This is a very motivational book, focusing on the business end of game audio design as much as on studio planning, gear considerations, and sales. If you expect a how-to-make-a-monster-sound-type guide to sound design, there may be better alternatives in the field, like Ric Viers' sound effects bible. Nonetheless, for a person who is seriously considering a career in game audio in general and who wants general knowledge of all fields of the trade, this is a smart first read.
The book is well structured and describes well the ever so growing need for professionals in game audio design. Chapter two therefore starts with the primary skills to succeed as attitude and business sense. From my personal experience, I would very much agree.
I liked the testimonials of contemporary sound designers, but they are more a feature than a source for content. Still, it was a pretty nice personal touch.
What I found to be really well thought through was the bidding, pricing, and finding and getting the job sections. If I would have had half that information when starting up our audio production company in Frankfurt it would have made things quite a bit smoother.
The contract section really does focus on the US system, as the continental European legal systems are less case law and more written law oriented. As a result, not as many variables exist, therefore newcomers, with a little legal assistance, can start quite safely into creative fields, as opposed to very individual deals in the states. Still, a very good starting point for your own pricing and financial thoughts.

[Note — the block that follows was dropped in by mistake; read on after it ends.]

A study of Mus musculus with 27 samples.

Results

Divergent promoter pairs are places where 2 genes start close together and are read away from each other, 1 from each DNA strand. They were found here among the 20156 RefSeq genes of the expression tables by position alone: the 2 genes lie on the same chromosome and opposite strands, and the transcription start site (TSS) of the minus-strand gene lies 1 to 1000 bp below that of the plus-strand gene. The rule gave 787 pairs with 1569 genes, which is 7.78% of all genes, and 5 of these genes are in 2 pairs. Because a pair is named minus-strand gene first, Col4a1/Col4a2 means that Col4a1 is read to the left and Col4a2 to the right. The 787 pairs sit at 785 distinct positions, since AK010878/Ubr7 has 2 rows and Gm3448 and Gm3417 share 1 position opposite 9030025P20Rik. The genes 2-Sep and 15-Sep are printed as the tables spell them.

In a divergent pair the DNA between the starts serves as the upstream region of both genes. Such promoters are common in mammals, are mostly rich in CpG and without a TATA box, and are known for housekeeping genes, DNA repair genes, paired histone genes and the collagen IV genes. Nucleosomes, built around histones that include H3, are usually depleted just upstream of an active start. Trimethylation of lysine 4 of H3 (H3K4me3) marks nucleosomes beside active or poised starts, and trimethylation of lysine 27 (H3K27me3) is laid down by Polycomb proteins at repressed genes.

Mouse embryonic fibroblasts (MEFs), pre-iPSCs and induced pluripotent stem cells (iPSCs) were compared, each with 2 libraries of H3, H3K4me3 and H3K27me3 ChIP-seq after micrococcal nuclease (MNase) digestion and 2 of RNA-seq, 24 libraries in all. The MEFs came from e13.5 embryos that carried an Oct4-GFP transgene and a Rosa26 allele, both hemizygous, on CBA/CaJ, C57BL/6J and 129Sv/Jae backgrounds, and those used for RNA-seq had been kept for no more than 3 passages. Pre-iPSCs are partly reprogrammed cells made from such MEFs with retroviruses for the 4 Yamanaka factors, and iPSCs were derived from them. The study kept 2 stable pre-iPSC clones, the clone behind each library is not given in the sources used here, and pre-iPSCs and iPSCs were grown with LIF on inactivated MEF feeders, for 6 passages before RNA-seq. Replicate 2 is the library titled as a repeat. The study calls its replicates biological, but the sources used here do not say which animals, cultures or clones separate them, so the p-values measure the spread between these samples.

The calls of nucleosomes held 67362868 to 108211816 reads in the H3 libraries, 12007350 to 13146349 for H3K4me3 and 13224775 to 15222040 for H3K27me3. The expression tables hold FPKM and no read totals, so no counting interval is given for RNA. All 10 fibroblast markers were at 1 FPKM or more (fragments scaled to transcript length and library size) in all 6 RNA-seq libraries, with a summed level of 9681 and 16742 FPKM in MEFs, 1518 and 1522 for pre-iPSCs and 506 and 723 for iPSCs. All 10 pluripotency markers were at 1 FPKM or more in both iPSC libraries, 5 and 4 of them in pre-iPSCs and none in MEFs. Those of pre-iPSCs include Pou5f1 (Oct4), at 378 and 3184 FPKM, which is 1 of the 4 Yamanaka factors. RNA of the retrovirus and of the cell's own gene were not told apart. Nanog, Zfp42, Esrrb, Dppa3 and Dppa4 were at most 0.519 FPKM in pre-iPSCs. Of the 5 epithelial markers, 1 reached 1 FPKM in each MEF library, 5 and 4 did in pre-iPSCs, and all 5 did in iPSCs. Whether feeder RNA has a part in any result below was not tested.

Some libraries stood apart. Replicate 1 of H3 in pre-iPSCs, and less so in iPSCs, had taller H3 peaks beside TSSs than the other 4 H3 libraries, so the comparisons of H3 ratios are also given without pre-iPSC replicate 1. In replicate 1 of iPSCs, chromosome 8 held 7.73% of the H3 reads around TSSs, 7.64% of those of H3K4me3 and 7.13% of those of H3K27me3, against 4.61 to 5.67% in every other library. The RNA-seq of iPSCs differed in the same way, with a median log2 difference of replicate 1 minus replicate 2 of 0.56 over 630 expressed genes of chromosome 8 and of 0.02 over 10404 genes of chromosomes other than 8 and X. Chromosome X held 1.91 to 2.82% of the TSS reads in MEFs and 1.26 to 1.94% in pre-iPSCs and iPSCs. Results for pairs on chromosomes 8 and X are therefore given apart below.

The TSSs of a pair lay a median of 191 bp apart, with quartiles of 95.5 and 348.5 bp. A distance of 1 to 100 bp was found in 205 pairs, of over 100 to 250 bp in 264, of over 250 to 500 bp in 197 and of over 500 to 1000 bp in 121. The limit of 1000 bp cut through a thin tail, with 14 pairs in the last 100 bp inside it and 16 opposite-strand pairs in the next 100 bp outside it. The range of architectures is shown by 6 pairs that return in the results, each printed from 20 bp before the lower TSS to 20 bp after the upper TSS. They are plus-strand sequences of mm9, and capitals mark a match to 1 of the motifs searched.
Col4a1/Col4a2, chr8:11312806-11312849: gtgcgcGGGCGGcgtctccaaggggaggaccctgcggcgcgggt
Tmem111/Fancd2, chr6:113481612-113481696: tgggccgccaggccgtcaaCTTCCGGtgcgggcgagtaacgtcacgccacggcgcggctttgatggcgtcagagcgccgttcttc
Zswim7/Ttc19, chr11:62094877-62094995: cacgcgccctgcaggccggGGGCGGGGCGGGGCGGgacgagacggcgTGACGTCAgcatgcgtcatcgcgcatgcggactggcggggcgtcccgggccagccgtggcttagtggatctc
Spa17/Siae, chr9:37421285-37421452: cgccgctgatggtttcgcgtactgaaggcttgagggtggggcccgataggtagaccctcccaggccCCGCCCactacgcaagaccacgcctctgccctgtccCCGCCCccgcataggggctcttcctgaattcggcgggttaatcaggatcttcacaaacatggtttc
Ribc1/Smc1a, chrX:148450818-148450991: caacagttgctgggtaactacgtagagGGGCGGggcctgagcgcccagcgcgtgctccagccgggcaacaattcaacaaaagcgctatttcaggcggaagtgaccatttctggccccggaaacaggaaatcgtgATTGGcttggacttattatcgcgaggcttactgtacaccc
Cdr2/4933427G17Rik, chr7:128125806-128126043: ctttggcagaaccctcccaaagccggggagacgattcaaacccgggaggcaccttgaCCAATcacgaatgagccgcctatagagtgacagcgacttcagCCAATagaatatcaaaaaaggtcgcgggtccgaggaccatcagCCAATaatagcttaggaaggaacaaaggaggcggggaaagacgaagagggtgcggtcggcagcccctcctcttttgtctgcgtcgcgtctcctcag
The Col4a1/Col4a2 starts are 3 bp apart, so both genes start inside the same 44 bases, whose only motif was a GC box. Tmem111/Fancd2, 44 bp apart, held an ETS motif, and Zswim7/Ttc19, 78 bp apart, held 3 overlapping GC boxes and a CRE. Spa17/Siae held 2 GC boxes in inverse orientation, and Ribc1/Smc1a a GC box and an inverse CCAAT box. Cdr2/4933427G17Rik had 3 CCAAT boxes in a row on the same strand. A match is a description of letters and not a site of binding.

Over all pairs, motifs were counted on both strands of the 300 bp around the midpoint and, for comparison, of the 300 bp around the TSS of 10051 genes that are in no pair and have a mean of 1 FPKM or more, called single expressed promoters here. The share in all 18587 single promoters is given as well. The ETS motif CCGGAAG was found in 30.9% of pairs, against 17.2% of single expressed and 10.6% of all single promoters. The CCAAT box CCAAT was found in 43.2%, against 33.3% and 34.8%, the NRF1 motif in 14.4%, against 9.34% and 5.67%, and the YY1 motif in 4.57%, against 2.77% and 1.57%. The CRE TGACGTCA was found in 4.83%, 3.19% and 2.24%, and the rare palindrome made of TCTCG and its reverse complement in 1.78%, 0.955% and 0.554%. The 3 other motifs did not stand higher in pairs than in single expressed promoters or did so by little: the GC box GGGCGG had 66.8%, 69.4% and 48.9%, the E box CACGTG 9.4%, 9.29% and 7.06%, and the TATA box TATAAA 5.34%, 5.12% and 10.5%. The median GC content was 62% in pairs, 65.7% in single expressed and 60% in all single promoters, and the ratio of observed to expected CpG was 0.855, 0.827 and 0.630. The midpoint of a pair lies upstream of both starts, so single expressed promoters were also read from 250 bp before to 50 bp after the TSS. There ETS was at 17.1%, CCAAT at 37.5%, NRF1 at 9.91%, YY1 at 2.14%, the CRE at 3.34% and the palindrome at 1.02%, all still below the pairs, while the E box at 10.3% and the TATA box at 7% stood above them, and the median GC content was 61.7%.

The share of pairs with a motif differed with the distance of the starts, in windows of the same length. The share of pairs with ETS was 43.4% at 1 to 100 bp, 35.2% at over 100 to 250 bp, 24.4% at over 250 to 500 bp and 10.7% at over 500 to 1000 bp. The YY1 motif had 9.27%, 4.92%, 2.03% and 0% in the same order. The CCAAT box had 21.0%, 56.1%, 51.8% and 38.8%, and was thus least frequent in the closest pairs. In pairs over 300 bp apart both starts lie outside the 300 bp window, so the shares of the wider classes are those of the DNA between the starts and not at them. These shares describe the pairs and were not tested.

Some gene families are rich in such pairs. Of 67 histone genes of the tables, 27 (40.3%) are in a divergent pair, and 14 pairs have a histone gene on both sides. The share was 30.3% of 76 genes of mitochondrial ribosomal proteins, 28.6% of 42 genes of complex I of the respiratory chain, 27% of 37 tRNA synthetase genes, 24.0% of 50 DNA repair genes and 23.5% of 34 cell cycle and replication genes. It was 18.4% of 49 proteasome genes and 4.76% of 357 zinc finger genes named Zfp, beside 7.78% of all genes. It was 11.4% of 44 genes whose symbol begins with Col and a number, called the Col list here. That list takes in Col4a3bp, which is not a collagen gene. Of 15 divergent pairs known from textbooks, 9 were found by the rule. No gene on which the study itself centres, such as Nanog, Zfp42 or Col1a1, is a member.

The structures within developer and publishing companies are well described, so you know who to get in touch with and what to ask.
However, audio production aspects covered in the back are covered as a tertiary aspect, therefore in this sense other publications may be preferable.
For a film sound guy, knowing the specifics of gaming platforms and their limits and strengths were a must know item.
Overall, I think this is a very reputable book to get a glimpse and understand the general tone and style of the industry. If it weren't for the "complete guide" aspiration, which in terms of audio production, sound design, and Foley it isn't, it would be a five star read.